This piece was first published as “How Russia’s Adoption Ban Hurts Jews” on The Sisterhood blog at The Forward.
On December 28, Russia legally banned the adoption of Russian children by U.S. citizens. President Vladimir Putin signed the controversial legislation (which takes effect on January 1, 2012) following its approval by the upper house of the Russian parliament earlier last week.
The ban is part of a package of retaliatory measures against the Magnitsky Law, American legislation aimed at punishing Russian human rights violators. The Kremlin has also cited the deaths of 19 Russian children due to abuse by their American adoptive parents as a reason for the ban.
Russia is the third most common source of international adoptions for Americans, following China and Ethiopia. However, the U.S. is the largest single foreign destination for Russian orphans. Approximately 1,000 Russian children have been adopted by Americans annually in recent years. Around 70,000 have been adopted by U.S. citizens since the fall of the Soviet Union.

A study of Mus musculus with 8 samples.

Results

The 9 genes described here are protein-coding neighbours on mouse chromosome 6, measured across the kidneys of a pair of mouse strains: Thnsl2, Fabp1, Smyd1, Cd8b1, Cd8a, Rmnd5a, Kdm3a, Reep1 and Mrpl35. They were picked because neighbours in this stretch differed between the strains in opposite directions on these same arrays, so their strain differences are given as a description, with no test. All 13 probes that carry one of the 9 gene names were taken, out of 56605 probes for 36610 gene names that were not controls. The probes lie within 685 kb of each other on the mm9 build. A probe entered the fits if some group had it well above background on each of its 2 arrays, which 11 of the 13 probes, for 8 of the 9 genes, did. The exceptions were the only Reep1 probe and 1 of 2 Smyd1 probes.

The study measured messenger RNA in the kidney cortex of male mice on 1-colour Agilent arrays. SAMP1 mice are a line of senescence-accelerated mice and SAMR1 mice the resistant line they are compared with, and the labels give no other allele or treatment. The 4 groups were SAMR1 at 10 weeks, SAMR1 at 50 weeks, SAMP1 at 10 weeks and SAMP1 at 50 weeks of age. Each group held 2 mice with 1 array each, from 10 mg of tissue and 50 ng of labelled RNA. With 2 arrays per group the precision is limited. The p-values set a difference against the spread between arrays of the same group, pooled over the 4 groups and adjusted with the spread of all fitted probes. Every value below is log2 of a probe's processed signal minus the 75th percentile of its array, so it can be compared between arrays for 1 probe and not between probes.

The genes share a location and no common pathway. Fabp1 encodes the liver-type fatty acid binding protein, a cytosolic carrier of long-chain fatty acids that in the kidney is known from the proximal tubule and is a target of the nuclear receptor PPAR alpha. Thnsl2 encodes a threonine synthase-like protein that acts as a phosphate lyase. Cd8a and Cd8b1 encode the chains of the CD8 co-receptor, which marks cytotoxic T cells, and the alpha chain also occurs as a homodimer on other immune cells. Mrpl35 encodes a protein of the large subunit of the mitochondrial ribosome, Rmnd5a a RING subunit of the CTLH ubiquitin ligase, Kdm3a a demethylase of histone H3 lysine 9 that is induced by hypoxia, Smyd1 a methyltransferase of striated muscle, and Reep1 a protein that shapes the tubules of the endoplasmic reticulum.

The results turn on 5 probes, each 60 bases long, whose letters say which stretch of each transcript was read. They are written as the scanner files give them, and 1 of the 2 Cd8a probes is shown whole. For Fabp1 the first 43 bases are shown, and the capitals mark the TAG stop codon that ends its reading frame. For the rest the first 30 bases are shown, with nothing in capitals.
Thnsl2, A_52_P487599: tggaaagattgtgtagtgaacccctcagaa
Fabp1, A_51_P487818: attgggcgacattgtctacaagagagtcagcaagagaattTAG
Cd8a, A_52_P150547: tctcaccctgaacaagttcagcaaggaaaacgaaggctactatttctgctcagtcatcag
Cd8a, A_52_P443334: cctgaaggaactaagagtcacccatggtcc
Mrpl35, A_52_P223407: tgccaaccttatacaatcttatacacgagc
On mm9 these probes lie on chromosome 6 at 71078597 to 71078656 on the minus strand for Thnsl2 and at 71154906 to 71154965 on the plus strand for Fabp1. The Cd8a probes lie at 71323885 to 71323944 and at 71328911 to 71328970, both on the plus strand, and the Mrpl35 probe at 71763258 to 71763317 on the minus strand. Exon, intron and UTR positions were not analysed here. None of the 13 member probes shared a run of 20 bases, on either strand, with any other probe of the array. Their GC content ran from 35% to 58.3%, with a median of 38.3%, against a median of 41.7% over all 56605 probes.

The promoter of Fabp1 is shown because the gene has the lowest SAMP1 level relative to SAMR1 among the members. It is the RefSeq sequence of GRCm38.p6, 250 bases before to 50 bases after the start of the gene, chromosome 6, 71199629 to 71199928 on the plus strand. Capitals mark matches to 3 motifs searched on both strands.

It is unclear how many of those 70,000 children went to Jewish families. Seventeen percent of the 750 Jewish American adoptive families who responded to a survey conducted by the Adoption and Jewish Identity Project adopted children from Russian from 1990 through 2011. However, Dr. Jayne Guberman, the project’s co-director warned, “The survey respondents are not necessarily representative of the entire American Jewish population. For example, they are probably more highly Jewishly identified since they were interested in and willing to take the time to complete a long and complex survey.”